Going the Distance: Shoe fetish

If high-mileage riding is your bag, make sure you’re doing right by your horse’s feet. HN endurance editor Sharalyn Hay gives us a pro/con list of going shod, barefoot and booted.

From Sharalyn:

It’s a big debate… shoes, boots or barefoot?

I personally have three horses who all need different things. Flash has to be shod. He is a very cranky beast when he doesn’t have foot protection in the way of shoes–and to him, boots don’t count (he hates wearing them). Goodwin is fine barefoot for good footing and has no problem with boots for the rockier stuff. Storm can go barefoot through pretty much anything and has feet so tough that you can’t use nippers on them… only the rasp for her.

So, how do you know which is right for you and your horse? Well, you experiment and go with the option that makes your horse the most comfortable and keeps their feet in good health. Because, let’s face it, there is no one answer for every hoof out there. There are pros and cons to each. Let’s take a look at some of the pros and cons, shall we?

Yes, let’s do…


Pros – Horse shoes are more convenient, makes it easier on the rider, may prevent some bruising, will allow for longer trail hours and will make the hoof temporarily stronger since it is metal, non-bendable and non-flexible.  Shoes normally only have to be replaced every six to eight weeks and will allow the rider to run and trot over rocks and uneven terrain with less chance of stone bruising.  In some rare occasions, the horse shoe can be used to help a cracked hoof or injured hoof to aid in healing and support.  Horse shoes can also be used for gait management or to improve other movements of the horse (and I’m not talking “Big Lick” here… I’m talking more about aiding in break-over to prevent forging).

Cons –  A shoe is made of metal which creates extreme shock and transfers much more stress on the hoof, bones and tendons. A shod hoof receives 10 to 33 times more “impact force” than a hoof this is not shod.  Shoes have to be nailed onto the hoof, in most cases.  These nails puncture the hoof wall, which compromises the structural integrity and strength of that wall. If the nail is only an 1/8th of an inch off it can puncture the sensitive laminae, damage the soft tissue, penetrate the hoof capsule or puncture the digital cushion (also called a “hot nail” or “quicking”).Not to mention that the number one cause of lameness in shod horses is bad or incorrect shoeing.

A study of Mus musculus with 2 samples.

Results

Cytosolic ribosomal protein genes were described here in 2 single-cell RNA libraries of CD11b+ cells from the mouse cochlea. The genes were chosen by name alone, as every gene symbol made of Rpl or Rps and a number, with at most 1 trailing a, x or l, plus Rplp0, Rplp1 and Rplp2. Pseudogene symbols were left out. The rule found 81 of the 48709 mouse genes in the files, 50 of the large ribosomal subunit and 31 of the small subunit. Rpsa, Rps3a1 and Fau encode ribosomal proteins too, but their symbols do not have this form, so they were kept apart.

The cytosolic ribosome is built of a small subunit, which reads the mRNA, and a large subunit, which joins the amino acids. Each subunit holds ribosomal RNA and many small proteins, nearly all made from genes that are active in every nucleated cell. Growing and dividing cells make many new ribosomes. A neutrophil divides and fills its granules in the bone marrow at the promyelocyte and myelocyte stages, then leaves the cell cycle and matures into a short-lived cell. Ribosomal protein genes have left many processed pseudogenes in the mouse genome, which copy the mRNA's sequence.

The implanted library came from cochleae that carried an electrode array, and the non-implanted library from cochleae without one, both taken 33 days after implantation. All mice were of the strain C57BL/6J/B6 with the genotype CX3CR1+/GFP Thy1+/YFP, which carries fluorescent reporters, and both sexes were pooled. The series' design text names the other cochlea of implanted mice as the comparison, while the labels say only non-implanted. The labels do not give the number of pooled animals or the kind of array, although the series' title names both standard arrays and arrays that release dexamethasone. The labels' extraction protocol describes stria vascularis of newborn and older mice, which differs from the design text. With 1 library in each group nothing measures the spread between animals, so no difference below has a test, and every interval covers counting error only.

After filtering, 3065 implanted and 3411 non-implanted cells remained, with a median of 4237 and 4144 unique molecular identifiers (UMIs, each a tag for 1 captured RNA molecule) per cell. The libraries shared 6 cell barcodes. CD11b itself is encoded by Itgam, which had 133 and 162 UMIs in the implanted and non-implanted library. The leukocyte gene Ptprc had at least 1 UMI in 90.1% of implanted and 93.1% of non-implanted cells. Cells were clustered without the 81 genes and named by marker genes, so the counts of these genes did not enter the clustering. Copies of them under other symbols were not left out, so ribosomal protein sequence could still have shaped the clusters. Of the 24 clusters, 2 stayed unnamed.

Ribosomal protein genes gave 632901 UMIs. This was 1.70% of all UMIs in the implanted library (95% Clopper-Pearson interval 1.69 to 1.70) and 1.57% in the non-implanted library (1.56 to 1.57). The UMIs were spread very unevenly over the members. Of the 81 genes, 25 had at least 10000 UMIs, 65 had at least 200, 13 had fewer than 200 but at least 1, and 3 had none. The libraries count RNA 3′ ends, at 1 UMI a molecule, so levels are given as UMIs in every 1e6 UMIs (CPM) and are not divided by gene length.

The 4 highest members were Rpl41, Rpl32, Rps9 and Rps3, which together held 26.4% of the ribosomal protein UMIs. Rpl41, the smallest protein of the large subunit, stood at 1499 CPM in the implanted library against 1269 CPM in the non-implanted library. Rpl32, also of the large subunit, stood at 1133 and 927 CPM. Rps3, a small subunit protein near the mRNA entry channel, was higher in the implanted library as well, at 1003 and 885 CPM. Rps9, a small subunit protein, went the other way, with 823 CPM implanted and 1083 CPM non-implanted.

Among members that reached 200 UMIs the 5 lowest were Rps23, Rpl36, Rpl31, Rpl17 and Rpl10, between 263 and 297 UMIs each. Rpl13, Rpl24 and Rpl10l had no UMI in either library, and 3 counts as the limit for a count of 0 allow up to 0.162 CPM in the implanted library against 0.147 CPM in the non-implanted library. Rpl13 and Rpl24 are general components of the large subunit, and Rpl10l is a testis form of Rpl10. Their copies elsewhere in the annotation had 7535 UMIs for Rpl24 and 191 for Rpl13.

Pros – Allows the hooves to function normally, without the restriction of shoes, and the horse and rider experience less concussion. Natural hoof trimming improves gaits, makes the horse more sure-footed, improves hoof breakover and reduces hoof interference. Natural hoof trimming can save you money if you do it yourself (however, I recommend that if you decide to go this way that you get hands-on instruction on the subject). Less lameness, thrush and lower limb diseases are seen due to increased circulation. Your horses have stronger, healthier hooves with less pain.

Cons –  Transitioning your horse involves management changes and commitment to the barefoot lifestyle. Going barefoot requires more frequent trimmings, as often as every three weeks in some instances. It can take up to a year, maybe more, for a horse to transition fully from shod to barefoot, and even then not all horses benefit from a natural hoof trim. Costs may be reduced compared to shoeing, but if you choose to learn how to trim you may need to buy new equipment or upgrade existing equipment. If done incorrectly, natural hoof trimming can cause as many problems as shoeing (after all, farriers fit the horse to shoes by trimming the hooves, not adjusting the shoe).

Notice I didn’t really mention boots. In my opinion, boots are an extension of barefoot. When in really rough terrain (or riding miles that the barefoot horse’s foot can’t handle) most will opt for boots to help get them through. And considering how many boots are on the market, that’s a whole other post all it’s own.

So, where does that leave us? Well, the same place we started. Any good owner will take the time to find what works best for their situation and for their horse.

So, get your horse comfortable and get out there and ride. And remember… to finish is to win.